It's decided: artists' books are the way to go. Opening night, the New York Art Book Fair preview at PS1 was abuzz with bespectacled young and old art professionals and literary types, wandering through sprawling tables and crowded halls. With the mass of cheap zines requited to an outdoor tent in front of the museum, I was bankrupt before I even entered the building. I’ll be returning to see more of the fair — it’s impossible to see all of it in only a couple of hours –but here are few last minute highlights for those attending today.
E-flux has parked a winnebago in front of PS1/MoMA’s steps. Inside, their book co-op hosts a large collection of art books from independent sellers, artist-run spaces, and international art sellers. In the tent directly behind the e-flux think tank, are very wide range of zines . These include, from adjective/noun, a literary zine made by a senior at Brown, Cinders, a gallery in Brooklyn that shows, among other things, handmade books and our favorite well-established gay magazine, Butt. A sentiment often voiced inside this space ran something to the effect of, “Make books! You can actually sell these things!”
Semina — first floor conference room
Wallace Berman's collective publication “Semina”, displayed on walls and in glass cases, marks what is perhaps the beginning of zine culture. A collection of images and words submitted by a tight-knit group of artists defined the publication, each arranged so as the viewer could rearrange as he/she pleased. The magazine ran from 1955-1964, and while hard to read beneath the display, it isa fitting prelude to the zine boom outside. There’s a great piece on Semina Culture here.
Sharing the conference room with “Semina” are Andrea Francke and Eva Weinmayrr of “The Piracy Project.” The project put out an open call for artists to send pirated books, and the altered publications were placed on the shelves of the library. This is related to book pirating in Peru, where chapters and endings may be altered to texts without the readers’ knowledge. For example, artist Simon Morris randomly rearranged the words in one of Freud's texts in a piece titled “Re-writing Freud” and reprinted it with the original cover (a sample sentence reads “distortion of Now of own the Love confusion.”) The project became an investigation into copyright issues, which are obviously, very relevant to zine culture and photography.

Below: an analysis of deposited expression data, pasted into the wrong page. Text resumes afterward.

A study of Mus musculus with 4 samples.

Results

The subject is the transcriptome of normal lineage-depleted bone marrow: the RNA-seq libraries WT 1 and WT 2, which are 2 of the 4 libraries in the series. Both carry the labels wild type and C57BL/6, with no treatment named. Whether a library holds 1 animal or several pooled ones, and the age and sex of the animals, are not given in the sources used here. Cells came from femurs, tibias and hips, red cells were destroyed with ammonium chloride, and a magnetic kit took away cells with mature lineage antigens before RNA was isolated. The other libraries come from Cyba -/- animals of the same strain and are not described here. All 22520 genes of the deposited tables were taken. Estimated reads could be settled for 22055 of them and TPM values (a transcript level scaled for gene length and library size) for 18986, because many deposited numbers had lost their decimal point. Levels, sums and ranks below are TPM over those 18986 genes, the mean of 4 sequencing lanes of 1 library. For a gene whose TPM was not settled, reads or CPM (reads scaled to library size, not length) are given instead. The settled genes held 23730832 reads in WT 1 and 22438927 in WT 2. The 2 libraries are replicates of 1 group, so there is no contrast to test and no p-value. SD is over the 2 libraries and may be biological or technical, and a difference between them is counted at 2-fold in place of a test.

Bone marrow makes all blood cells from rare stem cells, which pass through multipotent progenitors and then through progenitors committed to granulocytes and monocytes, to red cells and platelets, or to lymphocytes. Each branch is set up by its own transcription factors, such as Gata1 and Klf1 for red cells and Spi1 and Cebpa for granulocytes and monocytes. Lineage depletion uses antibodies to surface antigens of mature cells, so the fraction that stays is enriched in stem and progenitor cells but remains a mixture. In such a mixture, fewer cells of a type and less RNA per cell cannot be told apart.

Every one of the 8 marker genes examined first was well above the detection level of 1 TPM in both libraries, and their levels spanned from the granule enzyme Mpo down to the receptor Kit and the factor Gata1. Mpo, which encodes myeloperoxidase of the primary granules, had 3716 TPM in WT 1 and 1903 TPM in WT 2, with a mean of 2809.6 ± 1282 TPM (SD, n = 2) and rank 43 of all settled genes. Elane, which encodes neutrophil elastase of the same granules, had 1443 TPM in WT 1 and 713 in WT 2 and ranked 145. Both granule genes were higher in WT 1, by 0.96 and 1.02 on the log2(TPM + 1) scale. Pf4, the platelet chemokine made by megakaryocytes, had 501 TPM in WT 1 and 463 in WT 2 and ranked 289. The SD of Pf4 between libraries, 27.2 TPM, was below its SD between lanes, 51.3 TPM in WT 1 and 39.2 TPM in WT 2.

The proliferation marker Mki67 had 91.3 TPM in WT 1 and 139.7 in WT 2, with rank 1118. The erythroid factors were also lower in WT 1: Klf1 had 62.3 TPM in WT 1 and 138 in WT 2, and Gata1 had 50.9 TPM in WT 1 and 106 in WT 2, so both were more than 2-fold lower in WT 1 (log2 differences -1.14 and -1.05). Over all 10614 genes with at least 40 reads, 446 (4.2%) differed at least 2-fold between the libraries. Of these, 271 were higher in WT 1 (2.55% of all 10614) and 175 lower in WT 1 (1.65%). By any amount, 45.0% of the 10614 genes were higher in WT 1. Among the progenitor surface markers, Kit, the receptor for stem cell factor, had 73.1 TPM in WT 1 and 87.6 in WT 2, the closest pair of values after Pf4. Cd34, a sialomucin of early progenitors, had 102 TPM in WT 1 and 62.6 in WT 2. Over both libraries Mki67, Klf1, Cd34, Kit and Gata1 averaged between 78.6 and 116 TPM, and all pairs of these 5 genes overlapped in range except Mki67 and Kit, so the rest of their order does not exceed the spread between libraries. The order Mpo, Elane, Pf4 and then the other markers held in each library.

Andrew Roth, Inc. — third floor, Room M
The punk room on the third floor of PS1 is a wall of fanzines, mapping out the progression of D.I.Y. culture over the course of ten years. Toby Mott of Andrew Roth, Inc. calls them “artifacts” and displays them as such. Each rest in plastic sleeves that hang over the words “WE ARE THE WRITING ON THE WALL.” The corresponding book is concise and elegant; it is simply a chronological collection of fanzine cover images that map a steady aesthetic transformation and cultural change. It’s hard not to wonder if the zine is inherently short-lived, given this post-mortem display of punk fanzine culture and Wallace Berman's now defunct “Semina” highlighted earlier in this post.
I’m going back to see Little Big Man again, just beyond the punk room, in Room N, on the third floor. They publish photography books which use sequential images to tell a narrative particular to a book format. Surf Riot is a lush, large series of photos in which the artist used only one roll of film to document a riot. The lighting and composition of each photo amounts to a cinematic experience. Sensitivity to such viewing, which can only happen through publishing, was a particularly compelling element throughout the fair.
Today I am excited to see The Martha Wilson Source Book on the third floor at the Independent Curators Int'l (ICI) table, followed by her panel talk scheduled for Sunday at 1 P.M. in the Conference Room. The pioneering feminist artist will be discussing her performances, video, and photo-text compositions, and the book documents decades of her art-related research.